Video Game Pacifism

I’ve been emailed this article by several people now, and I think that I should probably comment on it now.

The Wall Street Journal profiled a series of Skyrim videos about “Felix the Peaceful Monk.” The basic idea of the character is that he does not kill any enemies. He just wanders the world and calms the people who want to hurt him. I’m not really sure how the player makes it through some of the more tricky parts of the game, but I am sure it happens.

I often speak out against the damaging aspects of video games; I think that games, when done wrong, can put forth some ethics that are problematic. For example, the Call of Duty franchise is just silly war porn, but the main problem with those games isn’t the killing. It’s the justification for the killing.

So I don’t think that it’s particularly “radical” for a player to avoid killing in a game, and I also don’t think that it’s very novel. It should be noted that a number of games in the 1990s fully supported a noncombat approach to a game with combat; Fallout can be completed without ever drawing a weapon, if you so choose. It’s really hard, but it can be done, and the game is designed around that decision.

In any case, I don’t think that video game pacifism really means anything. I am much more interested in video games that allow the player room to think through their actions and, if need be, give a space for violent action. Violence, and violent tendencies, can be worked out in the safe space of the video game, and more than that, video game scenarios can be a testing ground for ethics. I would much rather a player commit a crime in a game, even a brutal murder, if the game makes the effort to make the player have a genuine affective response to that. My posts over the past few days about Grand Theft Auto IV reflect this; the simulation of murder created real emotions and regrets, which impacts my real world ethical relationships and feelings.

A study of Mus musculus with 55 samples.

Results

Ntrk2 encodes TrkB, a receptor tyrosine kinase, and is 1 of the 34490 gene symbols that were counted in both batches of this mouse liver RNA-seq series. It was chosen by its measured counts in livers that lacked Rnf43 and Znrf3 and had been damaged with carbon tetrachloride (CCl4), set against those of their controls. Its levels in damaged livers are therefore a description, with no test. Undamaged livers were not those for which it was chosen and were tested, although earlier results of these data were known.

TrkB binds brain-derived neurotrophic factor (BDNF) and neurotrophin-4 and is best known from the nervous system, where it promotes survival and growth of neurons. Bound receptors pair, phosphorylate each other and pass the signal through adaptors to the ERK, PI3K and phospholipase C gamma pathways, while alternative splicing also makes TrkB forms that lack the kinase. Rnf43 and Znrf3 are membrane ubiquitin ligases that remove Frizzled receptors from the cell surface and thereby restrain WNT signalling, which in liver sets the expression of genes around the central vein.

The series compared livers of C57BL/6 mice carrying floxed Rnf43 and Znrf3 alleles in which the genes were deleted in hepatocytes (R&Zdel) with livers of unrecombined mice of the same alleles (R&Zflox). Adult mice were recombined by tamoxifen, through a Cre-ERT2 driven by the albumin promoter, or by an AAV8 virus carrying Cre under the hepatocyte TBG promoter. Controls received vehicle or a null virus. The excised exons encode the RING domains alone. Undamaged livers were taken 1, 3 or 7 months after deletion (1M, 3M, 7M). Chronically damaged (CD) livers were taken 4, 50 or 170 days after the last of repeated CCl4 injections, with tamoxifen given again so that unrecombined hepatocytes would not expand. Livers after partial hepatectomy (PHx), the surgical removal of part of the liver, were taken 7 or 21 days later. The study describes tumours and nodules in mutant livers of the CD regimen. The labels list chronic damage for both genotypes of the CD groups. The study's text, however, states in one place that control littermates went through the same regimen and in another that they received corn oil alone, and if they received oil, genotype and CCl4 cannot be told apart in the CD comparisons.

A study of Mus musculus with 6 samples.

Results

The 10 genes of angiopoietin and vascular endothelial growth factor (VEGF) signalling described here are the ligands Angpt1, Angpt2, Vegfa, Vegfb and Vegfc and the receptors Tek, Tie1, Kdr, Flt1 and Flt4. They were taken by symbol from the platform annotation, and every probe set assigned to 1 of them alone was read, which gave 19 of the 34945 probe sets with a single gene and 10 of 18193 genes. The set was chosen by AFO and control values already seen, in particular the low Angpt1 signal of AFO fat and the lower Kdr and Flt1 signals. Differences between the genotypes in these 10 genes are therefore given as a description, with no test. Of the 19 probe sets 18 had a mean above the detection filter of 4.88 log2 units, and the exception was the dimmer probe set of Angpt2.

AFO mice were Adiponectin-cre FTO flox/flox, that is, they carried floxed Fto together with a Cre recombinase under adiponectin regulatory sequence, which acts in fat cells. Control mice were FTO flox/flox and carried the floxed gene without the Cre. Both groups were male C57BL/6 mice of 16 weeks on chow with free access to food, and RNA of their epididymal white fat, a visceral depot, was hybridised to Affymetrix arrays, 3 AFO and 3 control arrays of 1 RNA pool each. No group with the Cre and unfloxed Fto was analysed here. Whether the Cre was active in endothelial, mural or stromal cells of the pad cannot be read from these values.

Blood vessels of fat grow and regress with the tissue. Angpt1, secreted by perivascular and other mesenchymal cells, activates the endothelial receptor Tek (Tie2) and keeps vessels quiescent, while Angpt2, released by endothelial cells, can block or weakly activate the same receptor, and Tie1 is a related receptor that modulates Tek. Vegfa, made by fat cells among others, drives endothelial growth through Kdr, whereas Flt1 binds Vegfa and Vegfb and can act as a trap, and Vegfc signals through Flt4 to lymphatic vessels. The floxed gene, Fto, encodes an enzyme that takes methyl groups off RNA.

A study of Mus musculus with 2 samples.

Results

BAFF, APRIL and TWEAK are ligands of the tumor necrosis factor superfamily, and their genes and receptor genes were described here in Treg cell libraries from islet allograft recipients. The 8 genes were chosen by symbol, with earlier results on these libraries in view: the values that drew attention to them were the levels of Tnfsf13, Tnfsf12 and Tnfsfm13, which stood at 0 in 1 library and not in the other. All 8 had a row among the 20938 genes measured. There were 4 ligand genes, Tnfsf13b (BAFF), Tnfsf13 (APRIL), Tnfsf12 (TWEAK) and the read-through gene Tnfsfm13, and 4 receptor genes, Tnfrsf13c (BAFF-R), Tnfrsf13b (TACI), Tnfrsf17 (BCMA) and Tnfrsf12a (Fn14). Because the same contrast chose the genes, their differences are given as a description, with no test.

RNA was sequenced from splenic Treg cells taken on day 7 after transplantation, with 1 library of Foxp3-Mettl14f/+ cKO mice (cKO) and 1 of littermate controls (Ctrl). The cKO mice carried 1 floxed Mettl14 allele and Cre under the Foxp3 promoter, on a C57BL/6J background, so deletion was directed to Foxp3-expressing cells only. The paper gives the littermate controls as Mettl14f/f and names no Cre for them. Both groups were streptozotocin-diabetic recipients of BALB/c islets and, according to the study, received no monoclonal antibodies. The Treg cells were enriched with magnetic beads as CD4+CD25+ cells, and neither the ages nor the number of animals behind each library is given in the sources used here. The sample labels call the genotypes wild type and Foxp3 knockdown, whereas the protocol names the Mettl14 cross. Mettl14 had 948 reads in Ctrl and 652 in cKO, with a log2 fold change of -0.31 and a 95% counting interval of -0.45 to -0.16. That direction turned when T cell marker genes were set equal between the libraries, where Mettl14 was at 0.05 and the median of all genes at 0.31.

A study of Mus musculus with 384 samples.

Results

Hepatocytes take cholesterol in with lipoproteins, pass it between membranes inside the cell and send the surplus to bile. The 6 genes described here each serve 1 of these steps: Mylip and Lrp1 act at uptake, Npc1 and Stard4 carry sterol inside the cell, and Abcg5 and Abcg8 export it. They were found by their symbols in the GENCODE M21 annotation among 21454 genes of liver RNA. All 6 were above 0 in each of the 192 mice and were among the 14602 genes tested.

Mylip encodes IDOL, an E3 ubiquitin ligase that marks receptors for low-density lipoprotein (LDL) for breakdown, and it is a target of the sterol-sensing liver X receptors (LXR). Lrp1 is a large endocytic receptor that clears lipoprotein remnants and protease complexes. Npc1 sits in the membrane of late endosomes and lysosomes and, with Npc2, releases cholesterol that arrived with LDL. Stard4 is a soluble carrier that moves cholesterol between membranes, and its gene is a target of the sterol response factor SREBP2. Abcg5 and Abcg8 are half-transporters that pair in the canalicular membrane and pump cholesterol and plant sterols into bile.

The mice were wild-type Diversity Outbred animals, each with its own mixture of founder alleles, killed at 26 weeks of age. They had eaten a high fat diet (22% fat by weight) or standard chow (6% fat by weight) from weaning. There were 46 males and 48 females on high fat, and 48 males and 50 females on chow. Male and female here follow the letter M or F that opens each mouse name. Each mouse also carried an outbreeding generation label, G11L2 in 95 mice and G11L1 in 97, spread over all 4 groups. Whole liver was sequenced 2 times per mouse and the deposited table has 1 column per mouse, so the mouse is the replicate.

I think that the example of a teenager named Brock in the latter part of the article really sheds light on this kind of thinking.

Today, after wearing down his parents with wit and good grades, Brock has a PlayStation 3 that he plays on a denim beanbag chair in the basement. The double zeros in his online identity, BrockyBoi00, come from an old football jersey that hangs framed above the television. But Mr. and Mrs. Soicher still don’t want any violent titles in their suburban Denver home. Brock can’t have any game that has a rating above “T” (Teen). Recently, when Mrs. Soicher found a copy of a shooting game called “Kill Zone,” she laid it on the kitchen counter so Brock would know he’d been busted.

This overt and extreme policing of video games seems ridiculous to me. The elimination of the violent video game as a legitimate medium of expression is the same as the elimination of the violent novel, film, or any other kind of aggressive act. I worry for Brock. I wonder what kind of activities he’s investing his aggression into–is hitting another kid really hard on a football field any different than driving a virtual car or fighting a virtual war? Both scenarios are spaces for working through aggression, but turning another kid, a physical person, into an object to be injured could be problematic. Safety in simulation might be healthier in the long run.

In any case, the short of it is that I think violence in video games is fine. It offers reflection. Football or the War on Terror rarely does. That’s all I have to say.